Scott Andrew Taras
Arizona Summer Wildcat

Associate Director of the Steward Observatory, Buddy Powell, said he is very excited about the new edition being made to the telescope on Mount Graham. According to Powell, the two 8.4-meter mirrors will make this the most powerful telescope in the world.

By Irene Hsiao
Arizona Daily Wildcat,
August 25, 1999

UA scientists are teaming up with their counterparts from the University of Notre Dame on an ambitious astronomical endeavor.

The undertaking, called the Large Binocular Telescope project, will create a telescope with two 8.4 meter mirrors on Mount Graham, the most powerful ever made.

Buddy Powell, associate director of the University of Arizona's Steward Observatory, said he is happy about the new addition.

"I was excited, Notre Dame is a very well established, traditional academic school," he said. "It's good to bring high academic standards to the project."

The $80 million project, which began in 1997, is on schedule to meet its 2003 deadline. Powell said no changes have been made since Notre Dame made its announcement last week.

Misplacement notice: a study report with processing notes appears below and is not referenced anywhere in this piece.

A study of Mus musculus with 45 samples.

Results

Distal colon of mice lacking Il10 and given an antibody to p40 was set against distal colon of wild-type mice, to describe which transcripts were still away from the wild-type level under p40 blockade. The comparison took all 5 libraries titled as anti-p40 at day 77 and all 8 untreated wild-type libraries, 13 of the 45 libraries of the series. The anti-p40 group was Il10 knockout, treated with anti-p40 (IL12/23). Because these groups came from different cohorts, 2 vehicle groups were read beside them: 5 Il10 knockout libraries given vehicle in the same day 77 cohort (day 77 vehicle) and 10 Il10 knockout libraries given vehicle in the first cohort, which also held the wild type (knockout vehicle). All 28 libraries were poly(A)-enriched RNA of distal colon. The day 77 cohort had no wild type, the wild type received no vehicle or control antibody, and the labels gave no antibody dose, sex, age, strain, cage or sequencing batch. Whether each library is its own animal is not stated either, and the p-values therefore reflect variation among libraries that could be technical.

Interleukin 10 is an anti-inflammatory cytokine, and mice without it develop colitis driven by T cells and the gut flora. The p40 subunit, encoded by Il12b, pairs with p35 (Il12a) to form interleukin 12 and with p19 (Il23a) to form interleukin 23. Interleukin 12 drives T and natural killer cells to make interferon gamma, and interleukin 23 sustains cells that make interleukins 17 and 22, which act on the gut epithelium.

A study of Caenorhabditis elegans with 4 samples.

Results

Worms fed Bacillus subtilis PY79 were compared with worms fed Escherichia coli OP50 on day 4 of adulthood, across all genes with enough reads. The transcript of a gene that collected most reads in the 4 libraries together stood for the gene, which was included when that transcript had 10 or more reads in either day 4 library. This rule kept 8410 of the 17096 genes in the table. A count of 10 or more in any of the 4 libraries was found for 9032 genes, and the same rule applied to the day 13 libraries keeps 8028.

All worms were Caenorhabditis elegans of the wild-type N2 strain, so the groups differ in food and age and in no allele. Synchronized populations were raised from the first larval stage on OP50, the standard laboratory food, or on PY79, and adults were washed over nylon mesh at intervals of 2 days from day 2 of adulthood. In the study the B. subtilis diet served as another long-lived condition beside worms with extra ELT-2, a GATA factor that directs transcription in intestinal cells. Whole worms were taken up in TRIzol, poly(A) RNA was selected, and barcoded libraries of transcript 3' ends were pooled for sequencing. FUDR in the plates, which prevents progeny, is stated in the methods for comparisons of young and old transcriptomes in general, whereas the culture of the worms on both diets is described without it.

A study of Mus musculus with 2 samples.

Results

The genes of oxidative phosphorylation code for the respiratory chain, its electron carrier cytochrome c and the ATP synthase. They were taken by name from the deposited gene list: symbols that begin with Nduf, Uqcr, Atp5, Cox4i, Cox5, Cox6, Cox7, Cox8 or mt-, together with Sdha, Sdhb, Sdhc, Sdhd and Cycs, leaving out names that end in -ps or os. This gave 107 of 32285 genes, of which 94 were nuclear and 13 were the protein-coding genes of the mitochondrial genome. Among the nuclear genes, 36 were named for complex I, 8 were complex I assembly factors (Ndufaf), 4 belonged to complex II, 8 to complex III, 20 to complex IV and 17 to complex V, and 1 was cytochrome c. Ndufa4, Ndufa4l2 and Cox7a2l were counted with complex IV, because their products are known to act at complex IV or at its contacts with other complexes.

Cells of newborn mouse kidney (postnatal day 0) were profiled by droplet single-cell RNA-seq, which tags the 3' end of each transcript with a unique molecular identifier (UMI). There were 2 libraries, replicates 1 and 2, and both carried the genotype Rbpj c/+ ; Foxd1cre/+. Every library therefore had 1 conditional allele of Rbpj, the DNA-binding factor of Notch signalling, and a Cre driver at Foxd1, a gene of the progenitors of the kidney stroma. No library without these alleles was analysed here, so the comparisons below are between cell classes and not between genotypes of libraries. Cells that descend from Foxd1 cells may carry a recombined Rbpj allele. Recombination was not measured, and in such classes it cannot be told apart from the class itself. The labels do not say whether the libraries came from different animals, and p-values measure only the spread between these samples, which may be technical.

"Everything is continuing as before," he said.

The first of the two mirrors is at the UA Mirror Lab under Arizona Stadium and is set to be delivered to Mount Graham in 2002. The second mirror should follow one or two years later.

The addition of the second mirror will make this project the strongest telescope in the world, Powell said. He compared having one mirror on the telescope to seeing out of one eye.

"It's so much better than what you had before," Powell said. "One mirror will be perfect, but the second mirror will make it the most powerful in the world."

Although the LBT project is going smoothly so far, Powell said students are ready for it to be completed. Other members of the project include scientists from Ohio State University, Research Corporation in Tucson, several German research institutes and one from Italy.

"(The students) tell me, 'Golly, hurry up, get that thing done before we graduate,'" Powell said.

After negotiating for two years to join the project, Terrence W. Rettig, associate professor of physics and astronomy at Notre Dame, said he is ready to improve the school's astronomy program.

"It's a beginning," he said. "We're happy to be able to have access to the equipment."

Notre Dame has a small astronomy program that has expanded since they joined the project. The LBT project was one of the contributing factors for the opening of Notre Dame's new Center for Astrophysics last month.

Rettig said besides bringing stature to their program, being a member of the project also helps recruit more undergraduate students.

"It gives us more leverage to improve the astrophysics program," he said. "LBT is really a fine project - this is a unique telescope and the potential it has for new science is extraordinary."